Black walnut trees are nice. They grow a bit slowly but are nice sized in ten years with a wide canopy. They are long lived. They leave you picking up black walnuts.
That is the main reason many people don’t like having the trees in their yards. A big tree drops a lot of nuts beginning in late August and ending in late October.
Stores carry walnut meats. These are from English walnuts which like warmer areas than the Ozarks. The nut meats do taste good, but not as good as black walnut meats.
Black walnut meats have richer flavor. They are spicier. They make their presence known in whatever they are in.
We have four big trees around the barn area. The nuts are falling. We can ignore them or we can begin picking up black walnuts.
The case for ignoring them isn’t very good. These can be almost three inches across the hulls. They are hard to begin with and roll under your feet. Small wasps lay eggs in the hulls turning them into a black, gooey mess as the larvae eat the flesh.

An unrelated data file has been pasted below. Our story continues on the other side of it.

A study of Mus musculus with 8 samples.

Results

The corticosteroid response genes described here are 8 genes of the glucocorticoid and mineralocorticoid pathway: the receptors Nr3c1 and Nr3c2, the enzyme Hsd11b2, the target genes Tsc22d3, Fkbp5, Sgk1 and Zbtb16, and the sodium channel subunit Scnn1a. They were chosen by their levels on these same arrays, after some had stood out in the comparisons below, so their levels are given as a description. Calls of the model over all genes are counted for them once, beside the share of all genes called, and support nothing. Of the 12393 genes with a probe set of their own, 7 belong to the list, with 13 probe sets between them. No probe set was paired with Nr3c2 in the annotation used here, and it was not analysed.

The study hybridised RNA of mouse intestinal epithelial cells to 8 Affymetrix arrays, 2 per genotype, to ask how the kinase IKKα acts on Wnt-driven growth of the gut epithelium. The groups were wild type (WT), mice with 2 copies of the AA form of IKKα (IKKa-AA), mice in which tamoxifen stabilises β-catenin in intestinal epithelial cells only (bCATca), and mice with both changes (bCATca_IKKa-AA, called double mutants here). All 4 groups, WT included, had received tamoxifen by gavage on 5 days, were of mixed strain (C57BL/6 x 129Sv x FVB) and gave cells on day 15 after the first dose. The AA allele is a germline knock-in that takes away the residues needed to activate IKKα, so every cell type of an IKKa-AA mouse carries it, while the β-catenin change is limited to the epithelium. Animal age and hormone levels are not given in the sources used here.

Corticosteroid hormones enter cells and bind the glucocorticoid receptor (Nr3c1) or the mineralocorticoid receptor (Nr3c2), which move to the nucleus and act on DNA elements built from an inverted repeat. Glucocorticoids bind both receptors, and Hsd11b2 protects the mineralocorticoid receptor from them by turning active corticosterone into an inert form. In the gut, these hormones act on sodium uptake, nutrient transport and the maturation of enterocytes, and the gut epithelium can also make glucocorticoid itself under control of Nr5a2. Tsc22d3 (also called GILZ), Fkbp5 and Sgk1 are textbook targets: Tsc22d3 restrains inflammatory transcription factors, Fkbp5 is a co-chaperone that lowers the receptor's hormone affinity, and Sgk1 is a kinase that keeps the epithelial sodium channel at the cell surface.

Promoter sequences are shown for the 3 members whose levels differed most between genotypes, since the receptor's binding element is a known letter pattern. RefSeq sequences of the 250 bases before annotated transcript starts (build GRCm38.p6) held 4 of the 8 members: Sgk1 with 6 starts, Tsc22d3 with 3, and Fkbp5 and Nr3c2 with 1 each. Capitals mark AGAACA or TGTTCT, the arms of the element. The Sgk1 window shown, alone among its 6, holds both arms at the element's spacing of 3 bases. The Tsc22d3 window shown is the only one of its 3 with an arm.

The nuts themselves are extremely hard. Lawnmower blades end up with nicks mowing over them.
The case for picking up black walnuts is better. It removes the risks of wrenching an ankle. It saves the lawnmower blade. They are good to eat, although difficult to crack open. (It takes a special nut cracker or a heavy hammer.) And the nuts are saleable.
Our local feed store hulls and buys black walnuts for around twelve dollars a hulled hundred weight. The price varies over the month of October, higher the first week and dropping over the month.
I use the plastic feed bags to gather nuts in. It takes about six bags to net a hundred pounds of hulled nuts.
I usually gather the nuts in old two gallon buckets. It takes thirty nuts or more to fill a bucket and five buckets to fill a sack.
That is another drawback to picking up black walnuts to sell. It takes a lot of walnuts to make any money. It takes a lot of time.
One year I gathered a thousand pounds of black walnuts. Not now. I don’t have the time. Now I mostly go picking up black walnuts because I hate stepping on them. Last year I sold three hundred pounds. This year I have one sack filled and part of another one and more on the ground to pick up.
Read more about this fall activity in “Exploring the Ozark Hills.”